184. After the fall of the Philippines, Fremantle became became one of the world's great submarine bases between 1942-45, and in the Pacific second only to Pearl Harbour. More than 170 submarines - USN, Royal Navy and Royal Netherlands Navy were based at the port over the period, with more than 50 there at any one time.
Making more than 460 sorties from the port they inflicted immense damage on the Japanese supply lines, and made a significant contribution to Japan's defeat.
Why Fremantle? Forced to evacuate their base in Manila, the US Navy had looked at Darwin and the Kimberleys regions of WA, but the towns of northern Australia were being subjected air attack, and the ports suffered the disadvante of a huge tidal range - and cyclones.,
In this photograph we can see the submarine tender USS PELAIS at North Wharf, surrounded by her brood, which included the subs BONEFISH, RASHER, BOWFIN, BLUEFISH, NARWHAL, TINOSA, CREVALLE and COD.
The man who took the photograph, RAN photographer Saxon Fogarty, was as interesting as the ships he photographed.
Born in Perth in 1908, Mr Fogarty joined the RAN at the age of 18, and served on HMAS AUSTRALIA [II], the destroyer VOYAGER [I], and cruiser HMAS CANBERRA [I]: but along with his interest in photography, he also had another life. Aviation.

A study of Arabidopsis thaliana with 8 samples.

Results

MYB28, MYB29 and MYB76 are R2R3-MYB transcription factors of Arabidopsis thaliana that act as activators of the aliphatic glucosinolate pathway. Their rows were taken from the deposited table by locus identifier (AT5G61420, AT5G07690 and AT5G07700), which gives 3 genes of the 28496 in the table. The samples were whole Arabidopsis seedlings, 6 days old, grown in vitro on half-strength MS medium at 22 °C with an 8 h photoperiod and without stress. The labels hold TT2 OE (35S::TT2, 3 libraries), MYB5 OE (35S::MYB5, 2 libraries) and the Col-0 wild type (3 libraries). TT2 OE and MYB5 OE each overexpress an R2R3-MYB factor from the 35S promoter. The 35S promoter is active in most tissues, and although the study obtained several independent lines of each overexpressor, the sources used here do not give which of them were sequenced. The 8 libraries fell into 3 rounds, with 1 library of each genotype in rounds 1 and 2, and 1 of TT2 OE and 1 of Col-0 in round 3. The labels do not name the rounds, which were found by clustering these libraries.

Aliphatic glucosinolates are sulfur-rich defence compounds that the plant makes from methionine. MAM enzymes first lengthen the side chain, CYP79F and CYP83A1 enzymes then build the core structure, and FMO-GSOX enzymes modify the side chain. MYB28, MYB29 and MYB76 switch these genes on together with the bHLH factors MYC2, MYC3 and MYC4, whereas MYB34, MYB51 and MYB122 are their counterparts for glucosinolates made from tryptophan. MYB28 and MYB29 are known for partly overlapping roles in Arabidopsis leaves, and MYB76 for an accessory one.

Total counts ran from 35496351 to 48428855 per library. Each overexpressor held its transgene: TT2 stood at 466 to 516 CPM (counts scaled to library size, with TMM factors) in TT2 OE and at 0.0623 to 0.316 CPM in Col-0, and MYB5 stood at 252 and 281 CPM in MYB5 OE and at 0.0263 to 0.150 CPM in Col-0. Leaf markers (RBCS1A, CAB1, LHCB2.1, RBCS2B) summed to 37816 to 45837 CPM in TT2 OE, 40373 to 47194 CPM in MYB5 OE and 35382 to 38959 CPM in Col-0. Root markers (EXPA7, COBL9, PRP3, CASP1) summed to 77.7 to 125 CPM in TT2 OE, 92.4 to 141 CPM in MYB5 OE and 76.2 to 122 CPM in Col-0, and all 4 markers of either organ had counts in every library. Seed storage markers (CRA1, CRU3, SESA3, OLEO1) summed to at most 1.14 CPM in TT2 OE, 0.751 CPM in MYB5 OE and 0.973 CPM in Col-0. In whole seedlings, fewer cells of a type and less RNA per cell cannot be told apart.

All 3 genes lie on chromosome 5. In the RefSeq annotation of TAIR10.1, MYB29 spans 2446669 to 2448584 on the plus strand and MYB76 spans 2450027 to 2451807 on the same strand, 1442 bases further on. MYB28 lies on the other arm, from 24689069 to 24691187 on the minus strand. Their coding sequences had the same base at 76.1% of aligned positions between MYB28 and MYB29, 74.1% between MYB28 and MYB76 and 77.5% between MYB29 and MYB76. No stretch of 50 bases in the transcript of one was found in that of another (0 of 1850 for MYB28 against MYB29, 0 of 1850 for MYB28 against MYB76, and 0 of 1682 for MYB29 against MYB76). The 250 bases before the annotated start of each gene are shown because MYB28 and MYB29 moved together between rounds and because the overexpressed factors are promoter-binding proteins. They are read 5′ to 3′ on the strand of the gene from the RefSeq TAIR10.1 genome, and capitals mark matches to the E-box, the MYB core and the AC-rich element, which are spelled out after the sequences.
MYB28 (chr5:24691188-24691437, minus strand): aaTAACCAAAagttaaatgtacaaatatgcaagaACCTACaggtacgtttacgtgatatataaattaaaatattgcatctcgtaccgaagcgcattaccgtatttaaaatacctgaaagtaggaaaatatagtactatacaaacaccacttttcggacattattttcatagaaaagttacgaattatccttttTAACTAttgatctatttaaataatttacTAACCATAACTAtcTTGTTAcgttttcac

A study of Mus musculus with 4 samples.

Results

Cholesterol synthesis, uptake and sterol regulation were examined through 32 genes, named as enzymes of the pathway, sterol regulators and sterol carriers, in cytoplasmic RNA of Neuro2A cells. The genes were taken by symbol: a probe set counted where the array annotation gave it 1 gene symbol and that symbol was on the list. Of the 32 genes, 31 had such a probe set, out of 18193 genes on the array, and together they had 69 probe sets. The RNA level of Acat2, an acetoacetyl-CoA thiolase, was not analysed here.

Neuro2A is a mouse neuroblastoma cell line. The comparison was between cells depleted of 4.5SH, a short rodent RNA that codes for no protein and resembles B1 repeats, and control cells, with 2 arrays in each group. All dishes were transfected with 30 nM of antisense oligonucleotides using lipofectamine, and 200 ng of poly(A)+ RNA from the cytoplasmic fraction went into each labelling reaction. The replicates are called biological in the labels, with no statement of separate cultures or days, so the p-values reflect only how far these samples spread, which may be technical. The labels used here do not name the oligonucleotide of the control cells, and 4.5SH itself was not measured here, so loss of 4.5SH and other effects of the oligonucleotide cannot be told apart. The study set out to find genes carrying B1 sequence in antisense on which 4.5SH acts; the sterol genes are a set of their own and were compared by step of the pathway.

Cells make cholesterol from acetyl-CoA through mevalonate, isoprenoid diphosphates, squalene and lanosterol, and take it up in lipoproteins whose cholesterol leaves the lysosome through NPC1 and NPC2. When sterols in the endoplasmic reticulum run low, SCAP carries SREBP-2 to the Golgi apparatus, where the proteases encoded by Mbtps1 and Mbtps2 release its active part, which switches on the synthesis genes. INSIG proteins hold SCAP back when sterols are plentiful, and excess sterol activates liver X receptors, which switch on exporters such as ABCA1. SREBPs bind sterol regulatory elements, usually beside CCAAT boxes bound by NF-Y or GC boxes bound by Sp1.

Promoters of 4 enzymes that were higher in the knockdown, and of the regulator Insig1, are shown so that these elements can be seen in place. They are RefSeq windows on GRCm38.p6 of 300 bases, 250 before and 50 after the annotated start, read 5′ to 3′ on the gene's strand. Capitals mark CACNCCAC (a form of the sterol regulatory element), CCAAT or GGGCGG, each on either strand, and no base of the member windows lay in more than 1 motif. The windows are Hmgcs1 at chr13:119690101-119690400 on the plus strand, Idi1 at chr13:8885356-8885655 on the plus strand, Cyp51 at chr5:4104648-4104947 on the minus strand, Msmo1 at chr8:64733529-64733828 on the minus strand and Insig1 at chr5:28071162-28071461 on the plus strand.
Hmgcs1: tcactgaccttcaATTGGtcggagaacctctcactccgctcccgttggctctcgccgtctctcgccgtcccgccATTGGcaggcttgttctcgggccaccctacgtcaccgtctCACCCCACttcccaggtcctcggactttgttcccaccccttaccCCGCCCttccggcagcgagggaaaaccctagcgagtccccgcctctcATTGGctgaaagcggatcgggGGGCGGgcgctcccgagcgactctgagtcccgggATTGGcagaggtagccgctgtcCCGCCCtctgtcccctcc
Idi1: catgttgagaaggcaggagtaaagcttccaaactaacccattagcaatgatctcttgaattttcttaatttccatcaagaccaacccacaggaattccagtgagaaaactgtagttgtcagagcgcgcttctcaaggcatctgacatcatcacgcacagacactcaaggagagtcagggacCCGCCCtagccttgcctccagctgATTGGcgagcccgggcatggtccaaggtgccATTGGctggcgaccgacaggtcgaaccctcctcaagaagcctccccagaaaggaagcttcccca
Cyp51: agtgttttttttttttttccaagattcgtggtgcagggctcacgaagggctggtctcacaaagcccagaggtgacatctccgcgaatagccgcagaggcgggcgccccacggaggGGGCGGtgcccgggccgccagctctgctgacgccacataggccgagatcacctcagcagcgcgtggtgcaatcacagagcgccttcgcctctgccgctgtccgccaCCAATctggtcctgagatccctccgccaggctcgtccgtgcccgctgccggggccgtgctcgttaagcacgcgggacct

A licensed pilot, he was eventually sent to the RAF during the war, and ended up flying reconnaissance aircraft off the King George V battleships.
After the war he returned to Australia and for a time has established a photographic studio in Fremantle in the late 1940s. But the pull of the sea must have been strong. In his 40s he joined the Merchant Marine and served on a large number of merchant vessels. And from there, he disappears from our view.
Photo: Saxon Fogarty RAN, from a collection of his works in the State Library of Western Australia the Battye Library]. The photo appears in Lew Lind's book 'The Royal Australian Navy: Historic Events Year By Year' [Reed Books, Sydney, 1982] p211, and other reference sources.